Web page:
1 Timothy 3

1 Timothy 3

Qualifications for Overseers

The saying is trustworthy: If anyone aspires to the office of overseer, he desires a noble task. Therefore an overseer must be above reproach, the husband of one wife, sober-minded, self-controlled, respectable, hospitable, able to teach, not a drunkard, not violent but gentle, not quarrelsome, not a lover of money. He must manage his own household well, with all dignity keeping his children submissive, for if someone does not know how to manage his own household, how will he care for God’s church? He must not be a recent convert, or he may become puffed up with conceit and fall into the condemnation of the devil. Moreover, he must be well thought of by outsiders, so that he may not fall into disgrace, into a snare of the devil.

Qualifications for Deacons

Deacons likewise must be dignified, not double-tongued, not addicted to much wine, not greedy for dishonest gain. They must hold the mystery of the faith with a clear conscience. And let them also be tested first; then let them serve as deacons if they prove themselves blameless. Their wives likewise must be dignified, not slanderers, but sober-minded, faithful in all things. Let deacons each be the husband of one wife, managing their children and their own households well. For those who serve well as deacons gain a good standing for themselves and also great confidence in the faith that is in Christ Jesus.

The Mystery of Godliness

I hope to come to you soon, but I am writing these things to you so that, if I delay, you may know how one ought to behave in the household of God, which is the church of the living God, a pillar and buttress of the truth. Great indeed, we confess, is the mystery of godliness:

  He was manifested in the flesh,
    vindicated by the Spirit,
      seen by angels,
  proclaimed among the nations,
    believed on in the world,
      taken up in glory.


1 Timothy 3 Commentary

by Brad Boyles

Paul moves from congregational conduct to leadership. There are two offices he addresses: the overseer and the deacon. Today, we would call an overseer a pastor and a deacon an elder. The difference between the two is that the pastor makes a living preaching the Gospel and leading the church (1 Cor 9:14) while the deacon does not.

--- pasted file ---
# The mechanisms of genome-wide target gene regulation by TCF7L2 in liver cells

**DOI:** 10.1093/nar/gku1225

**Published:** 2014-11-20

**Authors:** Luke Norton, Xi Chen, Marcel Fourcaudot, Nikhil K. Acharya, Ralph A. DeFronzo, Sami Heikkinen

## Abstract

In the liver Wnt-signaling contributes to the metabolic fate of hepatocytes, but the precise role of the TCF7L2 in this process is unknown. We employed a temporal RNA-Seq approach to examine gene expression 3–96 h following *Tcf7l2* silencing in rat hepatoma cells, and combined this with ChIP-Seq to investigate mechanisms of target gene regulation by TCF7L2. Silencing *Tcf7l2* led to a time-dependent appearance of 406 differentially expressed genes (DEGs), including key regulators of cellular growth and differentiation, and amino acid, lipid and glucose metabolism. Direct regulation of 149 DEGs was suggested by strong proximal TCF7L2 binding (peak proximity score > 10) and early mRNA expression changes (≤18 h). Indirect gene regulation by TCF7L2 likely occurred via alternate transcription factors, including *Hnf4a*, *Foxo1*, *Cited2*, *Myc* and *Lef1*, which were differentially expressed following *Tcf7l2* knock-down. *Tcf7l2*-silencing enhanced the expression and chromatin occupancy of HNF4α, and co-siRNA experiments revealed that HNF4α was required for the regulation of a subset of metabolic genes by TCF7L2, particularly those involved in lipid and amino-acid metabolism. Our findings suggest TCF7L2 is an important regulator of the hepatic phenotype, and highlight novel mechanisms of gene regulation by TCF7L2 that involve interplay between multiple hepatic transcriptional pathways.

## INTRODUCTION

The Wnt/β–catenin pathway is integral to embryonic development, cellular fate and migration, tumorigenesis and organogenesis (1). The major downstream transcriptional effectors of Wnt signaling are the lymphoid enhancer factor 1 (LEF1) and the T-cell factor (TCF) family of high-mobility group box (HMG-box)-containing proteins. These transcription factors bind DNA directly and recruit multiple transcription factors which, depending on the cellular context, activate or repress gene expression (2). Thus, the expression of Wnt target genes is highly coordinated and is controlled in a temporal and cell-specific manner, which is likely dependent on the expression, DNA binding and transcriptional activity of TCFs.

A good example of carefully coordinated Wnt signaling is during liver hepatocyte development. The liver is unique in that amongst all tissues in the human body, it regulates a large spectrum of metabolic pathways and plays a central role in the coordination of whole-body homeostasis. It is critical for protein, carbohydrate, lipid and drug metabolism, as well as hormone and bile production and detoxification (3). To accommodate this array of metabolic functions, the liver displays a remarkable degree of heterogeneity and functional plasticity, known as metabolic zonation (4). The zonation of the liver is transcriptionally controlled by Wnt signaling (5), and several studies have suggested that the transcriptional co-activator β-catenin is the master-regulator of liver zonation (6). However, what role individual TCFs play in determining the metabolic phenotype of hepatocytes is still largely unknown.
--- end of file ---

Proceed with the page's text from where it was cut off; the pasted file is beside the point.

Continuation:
Pastoral Leadership

This list is very practical. The leaders within a church body must live above reproach. This means when others look at your conduct and character, there is no room for accusations to be made against you. Paul feels there are strong parallels between a pastor’s family life and his church leadership. He even asks the question, “If anyone does not know how to manage his own household, how will he take care of God’s church?”

If a pastor’s wife does not respect him, his congregation won’t either. If a pastor’s kids do not listen to him, his congregation probably won’t either. This kind of standard also makes it impossible for a pastor to be one way at home and another way at church. Sooner or later, these two personas will bleed into each other and the truth will come out.

Another theme flowing through this first section on pastoral leadership is the idea of being teachable. In a world of self-promoting roosters, teachability is probably the most underrated characteristic of a leader. Self-control, common sense, and gentleness are all qualities of a teachable individual. Avoiding quarrels is an obvious one.

“Don’t go about the world with your fist doubled up for fighting, carrying a theological revolver in the leg of your trousers.”

C.H. Spurgeon

Keep in mind, it is not just believers who should have a high amount of respect for church leaders. They also must have a good reputation with outsiders. Is a Christian leader really sincere if his dealings outside the church are questionable?


Deacons are not held to less of a standard; the difference is found in their calling. Once again, we find an analogy to their family life being an important indicator of their spiritual leadership. An interesting note here is that Paul addresses wives as well indicating that women held the office of deaconess within the early church.

“The similar phrasing of v. 1Ti 3:8 seems to indicate that Paul was speaking of another office in the local body, the deaconess. These women, like deacons (vv. 1Ti 3:8-10, 1Ti 3:12-13), served under the leadership of the elders.”

Nelson’s Commentary

Overall, these are not just “recommendations.” They are standards that should be expected and required from those in leadership positions.